Born on September 9, 1918, James Slayman, fought under General Patton and was stationed on the European Front. He saw action in Italy, Sicily and Africa. Slayman remembers fighting the Germans, visiting Pompeii, and meeting Joe Louis at a hospital in Africa.


Interviewee: James Slayman


Date of Interview: June 28, 2016


Invading Sicily

We left Africa and went to North Africa in box cars at nighttime.  And we went up early and invaded Sicily. We invaded Sicily.  And General Patton was a general, and he said, [to] give him thirty days to take it all, and he took it in twenty-eight days.  And that’s where I lost all my boys.


A Visit to Pompeii

We went to Pompeii for one day, where the volcano had covered up the city. We walked through there and went to the end of it. We get up [in] the morning, the jeep would be full of dust from the volcano, and great big rocks like this would roll down the hill from the volcano.


A German Shell

We was on the hill down there one night, went up on this hill, when the Germans shelled us. And a lot of our boys got killed.  I was on guard that night, and there was a great big hole there where I guess Americans had dropped the bomb.  There was this great big hole there ,and I was up on the edge of it, had to guard that night.   A shell fell in that hole right beside me. Threw mud and dirt all over me. I was really lucky.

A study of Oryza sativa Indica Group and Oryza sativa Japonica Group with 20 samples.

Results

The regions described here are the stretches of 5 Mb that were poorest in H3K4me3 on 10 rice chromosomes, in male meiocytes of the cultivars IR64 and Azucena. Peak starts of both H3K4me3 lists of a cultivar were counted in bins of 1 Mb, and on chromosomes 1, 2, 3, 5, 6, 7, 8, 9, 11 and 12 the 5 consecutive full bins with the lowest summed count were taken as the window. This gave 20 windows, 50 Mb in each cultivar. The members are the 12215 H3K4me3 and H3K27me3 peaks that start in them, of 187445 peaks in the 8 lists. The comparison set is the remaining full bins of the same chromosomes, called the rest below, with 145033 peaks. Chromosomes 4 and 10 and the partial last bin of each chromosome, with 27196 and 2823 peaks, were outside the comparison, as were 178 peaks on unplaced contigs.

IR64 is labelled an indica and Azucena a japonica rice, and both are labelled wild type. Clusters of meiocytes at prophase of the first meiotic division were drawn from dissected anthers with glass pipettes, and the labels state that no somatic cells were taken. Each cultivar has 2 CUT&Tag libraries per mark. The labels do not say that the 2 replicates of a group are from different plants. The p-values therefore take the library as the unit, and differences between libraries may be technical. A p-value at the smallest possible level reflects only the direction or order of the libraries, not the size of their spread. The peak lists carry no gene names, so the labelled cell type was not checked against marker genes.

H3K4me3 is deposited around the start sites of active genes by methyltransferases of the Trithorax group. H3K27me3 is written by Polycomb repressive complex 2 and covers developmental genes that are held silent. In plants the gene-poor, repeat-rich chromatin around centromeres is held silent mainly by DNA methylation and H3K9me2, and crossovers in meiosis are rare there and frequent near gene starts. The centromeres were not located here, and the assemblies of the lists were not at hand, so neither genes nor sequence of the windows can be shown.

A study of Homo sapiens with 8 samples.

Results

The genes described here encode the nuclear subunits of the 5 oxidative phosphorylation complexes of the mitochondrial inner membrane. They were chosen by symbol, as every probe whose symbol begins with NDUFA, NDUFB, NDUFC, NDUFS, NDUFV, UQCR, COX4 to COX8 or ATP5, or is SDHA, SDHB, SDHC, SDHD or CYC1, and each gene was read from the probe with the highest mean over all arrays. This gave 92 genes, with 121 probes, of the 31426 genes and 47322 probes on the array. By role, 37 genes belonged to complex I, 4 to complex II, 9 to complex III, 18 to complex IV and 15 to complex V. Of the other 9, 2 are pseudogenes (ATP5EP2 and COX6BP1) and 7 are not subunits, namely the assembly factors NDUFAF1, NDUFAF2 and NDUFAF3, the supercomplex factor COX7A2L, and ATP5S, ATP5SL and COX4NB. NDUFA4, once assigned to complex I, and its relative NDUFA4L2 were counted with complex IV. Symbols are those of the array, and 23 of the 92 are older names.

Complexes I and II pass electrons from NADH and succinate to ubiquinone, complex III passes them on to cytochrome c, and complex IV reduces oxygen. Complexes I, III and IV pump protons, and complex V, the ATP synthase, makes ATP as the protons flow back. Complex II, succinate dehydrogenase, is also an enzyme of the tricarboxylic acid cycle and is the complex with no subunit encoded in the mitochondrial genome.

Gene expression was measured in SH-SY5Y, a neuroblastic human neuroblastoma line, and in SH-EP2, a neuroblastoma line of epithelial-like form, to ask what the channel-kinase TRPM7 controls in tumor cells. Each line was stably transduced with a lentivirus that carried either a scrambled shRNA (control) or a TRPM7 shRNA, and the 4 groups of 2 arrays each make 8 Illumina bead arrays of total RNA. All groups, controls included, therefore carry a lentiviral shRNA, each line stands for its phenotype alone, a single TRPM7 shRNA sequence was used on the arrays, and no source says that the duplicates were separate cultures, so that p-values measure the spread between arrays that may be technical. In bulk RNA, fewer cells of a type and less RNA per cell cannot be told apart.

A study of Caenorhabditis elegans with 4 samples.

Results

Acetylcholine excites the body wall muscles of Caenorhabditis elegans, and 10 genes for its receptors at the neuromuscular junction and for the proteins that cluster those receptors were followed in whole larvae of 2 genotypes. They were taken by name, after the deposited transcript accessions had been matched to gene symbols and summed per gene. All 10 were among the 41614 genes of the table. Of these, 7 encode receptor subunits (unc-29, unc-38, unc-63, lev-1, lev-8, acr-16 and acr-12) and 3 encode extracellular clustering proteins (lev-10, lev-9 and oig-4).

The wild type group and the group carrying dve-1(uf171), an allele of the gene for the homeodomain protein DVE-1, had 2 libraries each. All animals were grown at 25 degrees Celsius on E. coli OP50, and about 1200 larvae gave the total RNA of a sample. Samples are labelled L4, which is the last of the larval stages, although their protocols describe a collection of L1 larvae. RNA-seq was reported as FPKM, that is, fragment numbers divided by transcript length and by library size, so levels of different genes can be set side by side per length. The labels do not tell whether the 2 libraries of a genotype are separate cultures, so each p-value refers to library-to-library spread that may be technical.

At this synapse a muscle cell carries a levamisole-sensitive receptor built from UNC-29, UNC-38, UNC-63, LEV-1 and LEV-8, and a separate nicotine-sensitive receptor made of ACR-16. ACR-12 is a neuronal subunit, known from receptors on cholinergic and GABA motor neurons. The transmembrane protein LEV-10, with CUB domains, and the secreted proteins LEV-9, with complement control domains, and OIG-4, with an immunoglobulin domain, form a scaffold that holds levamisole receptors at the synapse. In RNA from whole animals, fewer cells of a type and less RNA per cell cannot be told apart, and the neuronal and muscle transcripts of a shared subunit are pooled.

VE Day and the Booker T. Washington

When the war was over, we were really close to Switzerland! We got in a jeep, I got in a jeep, me and a boy, another soldier, and we went up to Switzerland. We went up early, and they had a little party going on up there in a beer joint. We went up there, and they didn’t have no beer in [the army]. So we went up there for a while, and then we came back.  And that’s when we got on the Booker T Washington boat to come home.  [It] took us 28 days to get home. We hit a hurricane and the boat almost [sank]. Captain said like 90 degrees turning over.  We come to Newport News, Virginia.  It took us 28 days, and you could only do four knots.  I don’t know what knots [are], but that’s all we do.


Shakes Joe Louis’s Hand

One night I got sick. A [medic]  come here and looked at me. We were getting ready to go out in the jeep, ready to go out on patrol that night, and he come. I told him I was sick, and he checked me and said, “You ain’t going no place. You are going to the hospital.”  So he took me to the tent. It was only a tent. And we went to the tent, and that night my jeep got blowed up.  If I had been on that jeep, I would have probably got it. So the next day, you remember Joe Louis?  Well, I shook hands with him in Africa. He come here in the hospital. Him and his partner, his buddy, come here in the hospital to see us. He shook hands with me. Joe Louis.


Friendly Fire

I was out one day, and we had the mortar in the jeep and all.  We had the Lieutenant and the driver drive the Jeep.  He was up in the front of us and he called for a shell, you know, to put off the mortar.  So the lieutenant called back for us to put off this shell.  So we dropped one in there, and he went too far over.  The next one he gave us a range again, and it dropped right beside the guy that was in the jeep. Killed him. That hurt me worse than anything else. I dropped that shell. But It wasn’t my fault, you know.  It was his fault, the lieutenant. Yup.